BUENOS AIRES - An Argentine judge filed corruption charges Friday against Vice President Amado Boudou over his alleged role while he was finance minister in buying a company that printed local currency.
The bushy-hair Boudou, 51, known for his love of motorcycles and rock-and-roll, faces charges of bribery and "negotiations incompatible" with his position as a cabinet minister, according to the official news site of Argentina's courts.
Boudou, who was Argentina's finance minister in 2009-2011, ran as Kirchner's vice president when she was re-elected to office in October 2011. The alleged misdeeds took place in 2010.
Boudou is the first Argentine vice president ever to face such charges while in office. President Cristina Kirchner's second in command is currently traveling in Cuba and set to return home next week.
Judge Ariel Lijo also filed charges against Boudou's business partner, an alleged frontman, and three other people.
Boudou says he's innocent
Boudou testified in a seven-hour hearing on June 10, insisting that he is innocent and claiming to be the victim of a media smear campaign.
Judge Lijo ruled that Boudou can remain free until the trial, but must appear in court on July 16 for further testimony.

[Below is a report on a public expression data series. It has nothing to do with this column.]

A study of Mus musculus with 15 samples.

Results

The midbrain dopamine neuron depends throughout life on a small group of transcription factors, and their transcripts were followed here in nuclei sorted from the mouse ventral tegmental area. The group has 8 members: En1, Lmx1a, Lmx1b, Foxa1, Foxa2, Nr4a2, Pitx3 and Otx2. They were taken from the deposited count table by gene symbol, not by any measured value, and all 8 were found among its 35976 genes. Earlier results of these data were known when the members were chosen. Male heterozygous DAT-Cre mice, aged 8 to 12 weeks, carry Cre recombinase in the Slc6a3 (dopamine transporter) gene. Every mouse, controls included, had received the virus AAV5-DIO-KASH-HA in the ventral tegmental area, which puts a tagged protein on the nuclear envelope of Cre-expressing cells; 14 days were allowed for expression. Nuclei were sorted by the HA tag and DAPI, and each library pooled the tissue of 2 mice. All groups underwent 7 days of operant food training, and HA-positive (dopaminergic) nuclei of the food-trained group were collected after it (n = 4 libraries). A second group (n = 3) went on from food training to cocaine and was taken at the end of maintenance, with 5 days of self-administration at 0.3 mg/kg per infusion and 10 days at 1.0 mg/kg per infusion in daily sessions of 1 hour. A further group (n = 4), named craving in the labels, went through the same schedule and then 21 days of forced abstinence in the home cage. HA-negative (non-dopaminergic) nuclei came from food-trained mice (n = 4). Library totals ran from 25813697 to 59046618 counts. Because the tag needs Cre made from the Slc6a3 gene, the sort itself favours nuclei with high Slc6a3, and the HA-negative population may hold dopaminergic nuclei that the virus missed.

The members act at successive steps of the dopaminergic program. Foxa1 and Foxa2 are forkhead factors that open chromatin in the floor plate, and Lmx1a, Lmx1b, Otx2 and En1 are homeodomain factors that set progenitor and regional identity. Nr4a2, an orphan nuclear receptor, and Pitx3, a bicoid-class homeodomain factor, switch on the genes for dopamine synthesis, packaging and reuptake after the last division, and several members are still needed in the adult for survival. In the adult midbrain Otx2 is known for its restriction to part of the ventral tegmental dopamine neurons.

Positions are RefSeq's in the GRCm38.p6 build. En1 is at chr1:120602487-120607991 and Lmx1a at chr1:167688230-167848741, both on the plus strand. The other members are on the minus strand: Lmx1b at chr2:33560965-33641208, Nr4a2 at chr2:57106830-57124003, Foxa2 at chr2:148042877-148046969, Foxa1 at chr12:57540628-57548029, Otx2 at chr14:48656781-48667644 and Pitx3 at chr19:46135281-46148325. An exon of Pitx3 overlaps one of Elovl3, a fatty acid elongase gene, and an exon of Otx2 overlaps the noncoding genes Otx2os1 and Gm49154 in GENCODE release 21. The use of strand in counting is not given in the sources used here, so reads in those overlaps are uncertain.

The Kirchner government up to now has fully supported him.
Boudou often appears in the Argentine gossip pages along with his curvy red-headed girlfriend, a news reporter dubbed "Argentina's second lady." The charges claim that Boudou arranged to buy the bankrupt Ciccone printing press through a third party while he was finance minister, with the goal of obtaining government contracts to print currency and official documents.
In Argentina the vice president is also the head of the senate. He can be judged but cannot be arrested unless he is kicked out of the upper chamber, currently controlled by pro-government legislators.
Boudou is a former right-winger from a wealthy background and many party stalwarts are jealous of his close links with president Kirchner.
Separately, Argentina is poised to default on its debt for a second time in 13 years if a payment deal cannot be achieved by Monday with hedge funds holding US$1.3 billion (S$1.62 billion) in bonds.
On June 16, Argentina lost its final appeal to the US Supreme Court against paying what it calls "vulture funds," bond speculators which in the 2000s refused to participate in a restructuring of the country's bonds after it defaulted on nearly US$100 billion in debt.
Around 92 per cent of the debt was covered in the restructuring, with those creditors forced to take steep 70 per cent writeoffs of the value of their bonds to help the country restructure its finances.
With its finances deeply strained by a weak economy, Buenos Aires is reportedly seeking to find a way to avoid having to pay the whole amount up front to the holdouts.
In late May Argentina reached a deal to clear nearly US$10 billion in debt arrears from official creditors in The Paris Club.
Kirchner, who has headed the country since 2007 following her late husband into office, announced in 2008 that her government wanted to pay back the debt inherited from the 2001 crisis.